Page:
Microsoft Extends Edge Bug Bounty Program Indefinitely

Microsoft said Wednesday it would extend its Edge bug bounty program indefinitely.

Microsoft said Wednesday it would no longer impose a time limit for its Edge bug bounty program.

The Redmond, Wash. based company announced the Edge on Windows Insider Preview (WIP) program in August 2016 as a means to incentivize researchers to find and report vulnerabilities in the browser.

Initially the program paid bounties to researchers who discovered remote code execution vulnerabilities, same-origin bypass vulnerabilities, and referrer spoofing vulnerabilities. The program has since expanded and while it still awards bounties for critical remote code execution it also awards bounties for any design issue in the browser that could compromise a user’s privacy and security.

The program was slated to run until this May but, according to Microsoft, will now extend indefinitely.

“Keeping in line with our philosophy of protecting customers and proactively partnering with researchers, today we are changing the Edge on Windows Insider Preview (WIP) bounty program from a time bound to a sustained bounty program,” Akila Srinivasan, a member of Microsoft’s Security Response Center, wrote Wednesday in a Technet post.

The details of the program, below, more or less mirror the details of the limited program Microsoft announced last August.

  • Any critical remote code execution or important design issue that compromises a customer’s privacy and security will receive a bounty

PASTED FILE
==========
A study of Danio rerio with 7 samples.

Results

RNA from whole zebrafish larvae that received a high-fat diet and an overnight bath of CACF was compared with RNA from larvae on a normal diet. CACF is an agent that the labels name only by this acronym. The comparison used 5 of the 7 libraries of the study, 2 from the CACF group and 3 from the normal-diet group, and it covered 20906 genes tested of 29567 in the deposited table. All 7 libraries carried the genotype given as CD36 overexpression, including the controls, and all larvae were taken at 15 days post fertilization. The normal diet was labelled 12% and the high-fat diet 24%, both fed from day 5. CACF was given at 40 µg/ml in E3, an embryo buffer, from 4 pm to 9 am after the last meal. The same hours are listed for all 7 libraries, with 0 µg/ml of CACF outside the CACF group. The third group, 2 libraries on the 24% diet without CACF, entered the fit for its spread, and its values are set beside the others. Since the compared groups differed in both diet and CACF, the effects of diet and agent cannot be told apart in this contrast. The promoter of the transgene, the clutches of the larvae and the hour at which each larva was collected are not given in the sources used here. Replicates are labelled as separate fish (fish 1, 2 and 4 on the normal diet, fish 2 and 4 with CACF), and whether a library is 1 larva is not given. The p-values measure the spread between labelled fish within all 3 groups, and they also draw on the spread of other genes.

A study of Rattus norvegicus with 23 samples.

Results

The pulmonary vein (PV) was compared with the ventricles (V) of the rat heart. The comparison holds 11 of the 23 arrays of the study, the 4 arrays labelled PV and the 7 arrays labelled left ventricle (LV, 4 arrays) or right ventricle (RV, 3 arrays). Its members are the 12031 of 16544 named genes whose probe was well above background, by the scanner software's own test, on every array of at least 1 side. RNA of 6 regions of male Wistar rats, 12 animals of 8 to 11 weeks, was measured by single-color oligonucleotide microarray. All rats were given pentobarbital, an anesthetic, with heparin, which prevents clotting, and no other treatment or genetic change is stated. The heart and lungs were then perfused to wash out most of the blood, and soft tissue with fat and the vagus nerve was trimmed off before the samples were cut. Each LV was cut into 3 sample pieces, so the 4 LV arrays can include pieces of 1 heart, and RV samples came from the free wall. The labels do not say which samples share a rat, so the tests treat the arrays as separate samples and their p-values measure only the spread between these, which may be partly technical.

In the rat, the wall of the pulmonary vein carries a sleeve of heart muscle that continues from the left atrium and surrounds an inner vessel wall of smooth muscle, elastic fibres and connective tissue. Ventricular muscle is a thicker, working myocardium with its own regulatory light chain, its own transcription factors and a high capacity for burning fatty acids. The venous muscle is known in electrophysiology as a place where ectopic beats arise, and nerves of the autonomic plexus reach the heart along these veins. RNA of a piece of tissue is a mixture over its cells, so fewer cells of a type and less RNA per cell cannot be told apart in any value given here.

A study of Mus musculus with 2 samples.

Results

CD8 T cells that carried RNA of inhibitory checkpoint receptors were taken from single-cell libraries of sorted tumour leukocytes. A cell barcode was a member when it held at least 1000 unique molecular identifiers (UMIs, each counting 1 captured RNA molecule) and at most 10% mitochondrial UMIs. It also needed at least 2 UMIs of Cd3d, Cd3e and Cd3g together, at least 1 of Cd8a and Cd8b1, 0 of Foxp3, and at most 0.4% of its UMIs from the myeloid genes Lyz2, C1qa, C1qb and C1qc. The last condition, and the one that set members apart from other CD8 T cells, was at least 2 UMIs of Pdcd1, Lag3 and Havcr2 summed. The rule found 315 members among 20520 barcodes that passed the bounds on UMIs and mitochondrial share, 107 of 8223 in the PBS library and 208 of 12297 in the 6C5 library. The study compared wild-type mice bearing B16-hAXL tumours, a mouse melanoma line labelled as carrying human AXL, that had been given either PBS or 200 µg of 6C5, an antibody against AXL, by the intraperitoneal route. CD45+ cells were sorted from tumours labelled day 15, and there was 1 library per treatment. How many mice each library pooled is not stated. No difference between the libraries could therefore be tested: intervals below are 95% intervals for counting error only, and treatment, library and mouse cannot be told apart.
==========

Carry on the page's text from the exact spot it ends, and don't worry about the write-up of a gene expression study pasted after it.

• The bounty program is sustained and will continue indefinitely at Microsoft’s discretion
  • Bounty payouts will range from $500 USD to $15,000 USD
  • If a researcher reports a qualifying vulnerability already found internally by Microsoft, a payment will be made to the first finder at a maximum of $1,500 USD
  • Vulnerabilities must be reproducible on the latest Windows Insider Preview (slow track)

The program has been a success; Srinivasan says Microsoft has handed out $200,000 in bounties since the program’s inception last August.

Microsoft has been fairly fluid with its bug bounty programs since starting its first back in 2013. The company announced one of its latest, for Office Insider Builds on Windows, back in March. The company said at the time it would pay up to $15,000 for high-severity elevation of privilege vulnerabilities via Office Protected View and for macro execution vulnerabilities that bypass security policies already in place that block macros by default.

That program, like last August’s Edge program, was temporary and expired last Thursday.